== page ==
The State Coach

For a long time the newly appointed Mayor of London would travel up to Westminster by river, which is why processions all over the world are made up of ‘floats’.

From the late middle ages onwards the Mayor and Aldermen tended to travel on horseback through boisterous crowds. That all changed in 1711 when Sir Gilbert Heathcote fell off his horse during the Show and broke his leg. The next year a coach and four was hired, such as the one we see being mobbed by admirers in Hogarth's Industry and Idleness, and so things remained for another 46 years.

The 1750s were an abundant and extravagant time in Britain. Slavery and empire brought shameful but enormous wealth, and the industrial revolution had not yet swept away the old world. It was a golden age of baroque music and neoclassical architecture, and London was in the ascendant. A rented coach was not going to do.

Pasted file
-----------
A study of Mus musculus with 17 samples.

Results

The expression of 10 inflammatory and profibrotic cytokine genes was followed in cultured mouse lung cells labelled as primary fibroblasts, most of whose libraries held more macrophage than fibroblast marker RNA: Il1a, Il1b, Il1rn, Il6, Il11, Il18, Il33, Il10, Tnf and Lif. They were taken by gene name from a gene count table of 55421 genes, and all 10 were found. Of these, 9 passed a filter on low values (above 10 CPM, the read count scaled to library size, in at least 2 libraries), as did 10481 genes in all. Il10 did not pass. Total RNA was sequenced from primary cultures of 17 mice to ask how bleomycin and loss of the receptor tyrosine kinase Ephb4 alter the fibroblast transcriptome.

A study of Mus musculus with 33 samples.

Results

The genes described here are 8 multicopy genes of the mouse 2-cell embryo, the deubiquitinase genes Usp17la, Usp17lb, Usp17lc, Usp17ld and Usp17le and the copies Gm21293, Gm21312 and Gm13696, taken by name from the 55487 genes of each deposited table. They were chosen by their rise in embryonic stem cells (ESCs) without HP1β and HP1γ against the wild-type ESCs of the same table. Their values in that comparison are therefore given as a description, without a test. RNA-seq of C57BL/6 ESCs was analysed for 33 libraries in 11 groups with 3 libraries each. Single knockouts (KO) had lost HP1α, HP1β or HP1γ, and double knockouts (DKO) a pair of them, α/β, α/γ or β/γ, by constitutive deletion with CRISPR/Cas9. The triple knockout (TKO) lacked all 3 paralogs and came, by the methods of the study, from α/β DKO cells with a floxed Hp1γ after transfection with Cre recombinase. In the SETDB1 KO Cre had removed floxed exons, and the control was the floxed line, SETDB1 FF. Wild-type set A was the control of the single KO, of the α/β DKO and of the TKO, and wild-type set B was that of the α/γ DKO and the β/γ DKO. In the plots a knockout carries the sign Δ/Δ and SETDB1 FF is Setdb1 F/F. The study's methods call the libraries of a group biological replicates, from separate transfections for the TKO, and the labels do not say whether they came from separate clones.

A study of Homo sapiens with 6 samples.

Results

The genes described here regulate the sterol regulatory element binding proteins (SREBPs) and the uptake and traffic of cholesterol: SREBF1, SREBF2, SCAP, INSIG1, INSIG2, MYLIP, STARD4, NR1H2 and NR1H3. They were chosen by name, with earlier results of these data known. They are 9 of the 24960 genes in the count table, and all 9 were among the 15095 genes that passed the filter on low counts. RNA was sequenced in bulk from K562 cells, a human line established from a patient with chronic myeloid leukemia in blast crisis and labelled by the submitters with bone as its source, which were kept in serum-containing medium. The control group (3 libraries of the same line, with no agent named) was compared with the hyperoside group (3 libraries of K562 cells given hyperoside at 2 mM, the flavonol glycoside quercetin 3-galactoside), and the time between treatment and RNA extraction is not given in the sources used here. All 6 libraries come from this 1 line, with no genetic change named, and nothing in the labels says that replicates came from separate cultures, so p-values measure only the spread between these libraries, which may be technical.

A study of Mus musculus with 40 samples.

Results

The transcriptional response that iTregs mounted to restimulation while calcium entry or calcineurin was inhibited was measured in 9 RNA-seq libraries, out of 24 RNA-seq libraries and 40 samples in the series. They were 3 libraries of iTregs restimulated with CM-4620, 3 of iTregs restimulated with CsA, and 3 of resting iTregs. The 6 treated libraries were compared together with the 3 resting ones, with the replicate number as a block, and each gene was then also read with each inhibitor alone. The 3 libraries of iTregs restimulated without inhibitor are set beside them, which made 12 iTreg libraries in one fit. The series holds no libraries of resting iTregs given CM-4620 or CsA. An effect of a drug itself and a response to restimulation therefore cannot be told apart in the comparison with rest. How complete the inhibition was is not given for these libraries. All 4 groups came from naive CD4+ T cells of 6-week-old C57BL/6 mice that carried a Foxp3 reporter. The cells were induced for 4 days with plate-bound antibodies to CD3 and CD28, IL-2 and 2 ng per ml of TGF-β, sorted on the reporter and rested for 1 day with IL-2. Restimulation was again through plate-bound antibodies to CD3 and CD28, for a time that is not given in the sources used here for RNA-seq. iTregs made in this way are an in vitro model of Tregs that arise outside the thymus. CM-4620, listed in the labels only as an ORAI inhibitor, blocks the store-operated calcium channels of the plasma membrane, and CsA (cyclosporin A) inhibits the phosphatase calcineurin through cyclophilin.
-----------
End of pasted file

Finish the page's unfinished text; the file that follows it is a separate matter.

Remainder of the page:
In April 1757 Sir Charles Asgill persuaded the other Aldermen of the City to commission a magnificent State Coach from Joseph Berry of Holborn. It cost £860, making it a little older and a lot cheaper the similar coach that is used for coronations. The cost was met by the Aldermen themselves and the coachbuilder was given five months, so that everything would be ready for the Michaelmas election of the next Lord Mayor.

The coach was designed by the same architect as the frontage of the new Mansion House and makes a similarly frank statement of wealth and power, with gilded coachwork and painted panels depicting London's majesty, piety and global reach. The project eventually overran by £200 but was delivered on time and as he had anticipated, Sir Charles was the first Lord Mayor to ride in it.